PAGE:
For decades, Myrtle Beach has embraced its reputation as an affordable destination for playing in the surf and soaking in rays.
But the city has decided one group of vacationers is no longer welcome – the hundreds of thousands of bikers from across the country who descend on South Carolina's most popular tourist destination for two motorcycle rallies each May.
The Myrtle Beach City Council raised property taxes in early June and will use at least some of the revenue in an effort to drive the rallies out.
But the effort will succeed only if governments and residents in surrounding Horry County go along with the idea. Rally supporters who felt blindsided by the city are now planning a showdown when the Horry County Council takes up the issue.
For Myrtle Beach, getting rid of the Harley-Davidson spring rally and the Atlantic Beach Bikefest around Memorial Day is a quality of life issue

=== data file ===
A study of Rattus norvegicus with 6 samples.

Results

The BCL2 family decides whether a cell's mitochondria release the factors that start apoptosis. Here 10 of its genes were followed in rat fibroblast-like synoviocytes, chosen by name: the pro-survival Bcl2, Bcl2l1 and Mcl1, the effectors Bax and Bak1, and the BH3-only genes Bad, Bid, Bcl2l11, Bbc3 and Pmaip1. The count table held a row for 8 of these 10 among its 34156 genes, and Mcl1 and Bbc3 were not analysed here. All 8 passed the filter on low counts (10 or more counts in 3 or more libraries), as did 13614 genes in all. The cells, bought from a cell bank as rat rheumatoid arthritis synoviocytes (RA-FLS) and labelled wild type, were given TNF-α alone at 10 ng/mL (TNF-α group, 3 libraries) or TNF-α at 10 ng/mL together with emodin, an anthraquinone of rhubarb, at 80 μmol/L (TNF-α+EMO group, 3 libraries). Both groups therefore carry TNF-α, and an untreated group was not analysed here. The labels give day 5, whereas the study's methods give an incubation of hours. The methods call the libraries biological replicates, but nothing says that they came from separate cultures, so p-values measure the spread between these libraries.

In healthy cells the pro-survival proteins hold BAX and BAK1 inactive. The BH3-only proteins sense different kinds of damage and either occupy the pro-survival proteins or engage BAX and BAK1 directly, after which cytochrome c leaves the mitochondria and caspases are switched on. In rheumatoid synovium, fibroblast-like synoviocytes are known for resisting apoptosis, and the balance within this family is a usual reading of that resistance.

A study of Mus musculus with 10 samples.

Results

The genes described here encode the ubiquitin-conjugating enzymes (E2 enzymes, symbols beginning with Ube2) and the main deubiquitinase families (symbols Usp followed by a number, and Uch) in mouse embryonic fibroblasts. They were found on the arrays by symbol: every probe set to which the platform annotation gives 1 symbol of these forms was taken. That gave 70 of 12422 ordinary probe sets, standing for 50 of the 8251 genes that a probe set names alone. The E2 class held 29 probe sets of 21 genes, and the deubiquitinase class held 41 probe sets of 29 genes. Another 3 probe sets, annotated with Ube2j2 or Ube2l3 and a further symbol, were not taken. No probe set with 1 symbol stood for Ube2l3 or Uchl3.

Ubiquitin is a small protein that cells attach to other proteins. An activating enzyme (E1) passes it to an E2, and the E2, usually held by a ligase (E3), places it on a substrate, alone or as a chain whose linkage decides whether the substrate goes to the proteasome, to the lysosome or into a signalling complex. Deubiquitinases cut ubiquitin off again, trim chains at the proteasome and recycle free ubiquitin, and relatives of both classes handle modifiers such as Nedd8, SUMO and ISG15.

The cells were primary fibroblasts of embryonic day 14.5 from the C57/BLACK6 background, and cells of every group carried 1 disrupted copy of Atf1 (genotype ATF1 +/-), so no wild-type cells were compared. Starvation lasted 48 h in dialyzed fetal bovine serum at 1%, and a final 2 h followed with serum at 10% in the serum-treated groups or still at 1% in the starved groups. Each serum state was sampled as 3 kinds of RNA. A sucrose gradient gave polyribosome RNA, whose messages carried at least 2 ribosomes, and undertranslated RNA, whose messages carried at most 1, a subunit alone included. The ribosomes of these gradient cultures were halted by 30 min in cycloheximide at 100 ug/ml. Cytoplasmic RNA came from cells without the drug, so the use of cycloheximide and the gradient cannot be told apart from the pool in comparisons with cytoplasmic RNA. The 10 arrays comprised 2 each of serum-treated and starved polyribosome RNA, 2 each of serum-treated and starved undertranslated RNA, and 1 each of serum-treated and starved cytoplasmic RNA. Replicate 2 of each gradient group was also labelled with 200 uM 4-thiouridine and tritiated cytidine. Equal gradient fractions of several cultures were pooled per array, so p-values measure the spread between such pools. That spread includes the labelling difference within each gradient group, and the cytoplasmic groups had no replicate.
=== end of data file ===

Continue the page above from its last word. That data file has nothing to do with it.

“They bring three weeks of noise, congestion, reckless driving, crime, nudity, lewdness, rudeness, litter, wrecks, fatalities – they are overwhelming our capacity to deal with them,” city spokesman Mark Kruea said.
Crime increases during the rallies – especially driving under the influence, drug charges and noise violations.
Myrtle Beach officers worked nearly 10,000 hours of overtime during about two weeks the motorcycle rallies were in town.
But it's not only residents who want the rallies gone.
While motorcycle shops and some nightclubs depend on biker business to survive, the local Chamber of Commerce says business decreases sharply at golf courses and amusement centers.
Few visitors other than bikers frequent the beach during the rally – and rallygoers don't tend to take to the links. Plus, they entertain themselves without visiting as many local attractions as other tourists, chamber officials say.